October 13, 2011 • Local News

The preliminary hearing in the Mario Montoya murder trial was held in Magistrate Court on Tuesday. Montoya is charged with the revenge killing of Jericole Coleman, 21. The incident occurred on Aug. 22 at the intersection of Ash and Albuquerque streets.

Deputy District Attorney Alan Griffin on Tuesday called an eyewitness to the shooting as the state’s first witness. Under questioning, the witness said he was surprised to see the two men together since the last time Montoya had spoken to him about Coleman, “Montoya just said Jericole Coleman ratted me out and he’s going to get what he deserves.”

The witness had known both men, Montoya and Coleman, since they were in school together.

The day before the incident, the Albuquerque Street residence had been the subject of a drive-by shooting. The eyewitness said that he dropped by to see if everyone was all right, only to find Coleman there and Montoya holding a gun.

Montoya brought the two men into the residence to show them bullet holes. “We went into the kitchen and I wasn’t too comfortable with that. He (Montoya) took us around the house to show how it was guarded.”

When the three men exited the building to the backyard, Montoya pointed to the basement and said: “That’s where I’m going to put my bodies.”

According to the eyewitness, the next thing he knew: “Montoya shot Jericole. He (Montoya) asked me to help him with the body, and I said, ‘no’.” He could see that Coleman was still moving as he ran around the side of the house attempting to escape from Montoya.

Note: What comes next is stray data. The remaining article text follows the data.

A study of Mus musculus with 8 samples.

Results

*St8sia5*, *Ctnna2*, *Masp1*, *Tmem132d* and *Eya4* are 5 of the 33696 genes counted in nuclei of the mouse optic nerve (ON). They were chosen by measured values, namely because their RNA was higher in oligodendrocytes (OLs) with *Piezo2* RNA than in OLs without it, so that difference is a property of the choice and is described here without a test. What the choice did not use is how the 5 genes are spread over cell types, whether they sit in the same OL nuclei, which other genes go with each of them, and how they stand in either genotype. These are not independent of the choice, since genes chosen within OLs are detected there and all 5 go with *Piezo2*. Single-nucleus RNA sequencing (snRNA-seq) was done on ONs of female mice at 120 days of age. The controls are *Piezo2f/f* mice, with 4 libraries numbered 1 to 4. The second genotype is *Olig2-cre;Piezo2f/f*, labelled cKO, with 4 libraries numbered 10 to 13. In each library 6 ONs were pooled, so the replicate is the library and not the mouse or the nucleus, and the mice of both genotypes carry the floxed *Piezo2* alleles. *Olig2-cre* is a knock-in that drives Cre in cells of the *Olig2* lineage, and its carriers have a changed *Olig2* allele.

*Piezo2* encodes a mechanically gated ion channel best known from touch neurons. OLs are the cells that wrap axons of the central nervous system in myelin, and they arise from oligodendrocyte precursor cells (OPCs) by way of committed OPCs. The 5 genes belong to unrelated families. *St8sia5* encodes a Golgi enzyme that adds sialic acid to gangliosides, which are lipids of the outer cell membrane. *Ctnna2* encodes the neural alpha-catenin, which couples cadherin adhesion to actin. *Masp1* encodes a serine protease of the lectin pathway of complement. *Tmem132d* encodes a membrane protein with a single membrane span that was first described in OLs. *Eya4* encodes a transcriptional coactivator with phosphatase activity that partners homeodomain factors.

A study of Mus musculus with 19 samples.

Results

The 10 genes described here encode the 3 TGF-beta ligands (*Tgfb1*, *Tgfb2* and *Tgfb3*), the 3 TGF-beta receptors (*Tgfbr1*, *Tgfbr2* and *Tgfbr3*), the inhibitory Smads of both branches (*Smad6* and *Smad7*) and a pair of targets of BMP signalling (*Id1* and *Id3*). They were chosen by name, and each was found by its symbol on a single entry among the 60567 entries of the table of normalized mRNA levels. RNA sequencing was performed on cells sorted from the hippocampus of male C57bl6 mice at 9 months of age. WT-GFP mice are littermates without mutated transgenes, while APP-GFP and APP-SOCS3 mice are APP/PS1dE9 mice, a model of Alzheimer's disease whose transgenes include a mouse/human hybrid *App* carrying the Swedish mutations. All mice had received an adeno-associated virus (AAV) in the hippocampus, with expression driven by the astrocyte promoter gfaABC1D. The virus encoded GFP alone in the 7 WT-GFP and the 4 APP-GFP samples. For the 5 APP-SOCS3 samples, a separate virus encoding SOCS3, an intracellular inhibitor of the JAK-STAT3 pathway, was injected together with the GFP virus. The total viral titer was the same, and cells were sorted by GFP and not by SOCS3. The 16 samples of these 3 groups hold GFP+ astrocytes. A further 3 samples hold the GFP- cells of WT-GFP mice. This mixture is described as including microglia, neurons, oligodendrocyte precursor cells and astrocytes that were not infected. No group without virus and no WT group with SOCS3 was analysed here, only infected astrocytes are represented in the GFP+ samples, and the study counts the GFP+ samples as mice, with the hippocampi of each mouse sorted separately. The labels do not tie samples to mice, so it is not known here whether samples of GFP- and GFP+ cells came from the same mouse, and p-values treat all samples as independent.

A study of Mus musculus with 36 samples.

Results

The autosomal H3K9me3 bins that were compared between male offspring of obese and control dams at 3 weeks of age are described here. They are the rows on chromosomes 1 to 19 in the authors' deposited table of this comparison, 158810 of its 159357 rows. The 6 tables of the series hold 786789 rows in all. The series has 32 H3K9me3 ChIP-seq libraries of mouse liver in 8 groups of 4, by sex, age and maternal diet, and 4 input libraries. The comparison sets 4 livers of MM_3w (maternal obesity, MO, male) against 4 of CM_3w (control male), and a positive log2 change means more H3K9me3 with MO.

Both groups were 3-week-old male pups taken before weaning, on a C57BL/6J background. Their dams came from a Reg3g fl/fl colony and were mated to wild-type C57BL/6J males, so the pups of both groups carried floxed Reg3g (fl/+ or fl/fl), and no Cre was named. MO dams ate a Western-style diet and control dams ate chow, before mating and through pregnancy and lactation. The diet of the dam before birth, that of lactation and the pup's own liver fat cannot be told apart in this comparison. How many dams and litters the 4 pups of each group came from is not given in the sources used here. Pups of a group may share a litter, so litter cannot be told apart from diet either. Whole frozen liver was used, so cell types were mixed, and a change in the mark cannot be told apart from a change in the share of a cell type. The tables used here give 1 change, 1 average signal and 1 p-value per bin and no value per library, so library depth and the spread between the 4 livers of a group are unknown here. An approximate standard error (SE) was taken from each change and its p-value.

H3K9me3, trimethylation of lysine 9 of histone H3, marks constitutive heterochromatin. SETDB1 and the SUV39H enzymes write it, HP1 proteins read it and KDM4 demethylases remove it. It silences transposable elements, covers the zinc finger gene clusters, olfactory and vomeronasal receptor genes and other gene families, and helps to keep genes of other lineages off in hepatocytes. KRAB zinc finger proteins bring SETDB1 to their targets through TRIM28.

When police arrived, the eyewitness surrendered immediately, giving officers not only his keys but permission to search his house.

Defense attorney Anna Marie Green noted that the witness owned a .45 caliber gun and that a .45 caliber casing had been located in Montoya’s yard.

Under cross examination, the witness stated that Coleman had shot it from his vehicle in the past. Green suggested that he, rather than Montoya, was the shooter.

Jesse Davis with the Office of the Medical Investigator described the wounds found on the body.

Criminal Investigation Division’s Detective Kim Northcutt said that he found two .223 caliber casings that matched the Keltec gun found inside Montoya’s mother’s home.

Detective Robert Scribner also testified, telling where he located the Keltec firearm and describing the initial interview. After Montoya waived his Miranda rights, he denied being in the yard at the time of the shooting, stating he had been at his mother’s house.

Scribner said Montoya’s reaction to the news that Coleman had died was odd. “Very out of place, he gave a laugh, or maybe you could call it, a chuckle.”

During cross examination, Green pointed out that during his 911 call, Coleman had said it could have been either Montoya or the witness who had shot him. She wondered why the police had never recorded this “deathbed testimony” during their reports.

She asked about the .45 caliber casing that had found in the yard along with the .223 casings. Scribner said that the .45 caliber casing was old and worn and looked like it had been in the yard for a while. However, he stated that he was going to send both the casing and the gun located at the witness’s house for ballistic examination.

In her summation, Green said, “This is the tale of two guns and the tale of two suspects.”

She accused the state’s witness of perjury and asked Judge John Halvorson to reduce the open murder charge to second-degree murder.

In the end, Halvorson found for the state, saying they had made a case for murder. Montoya was bound over for trial in District Court.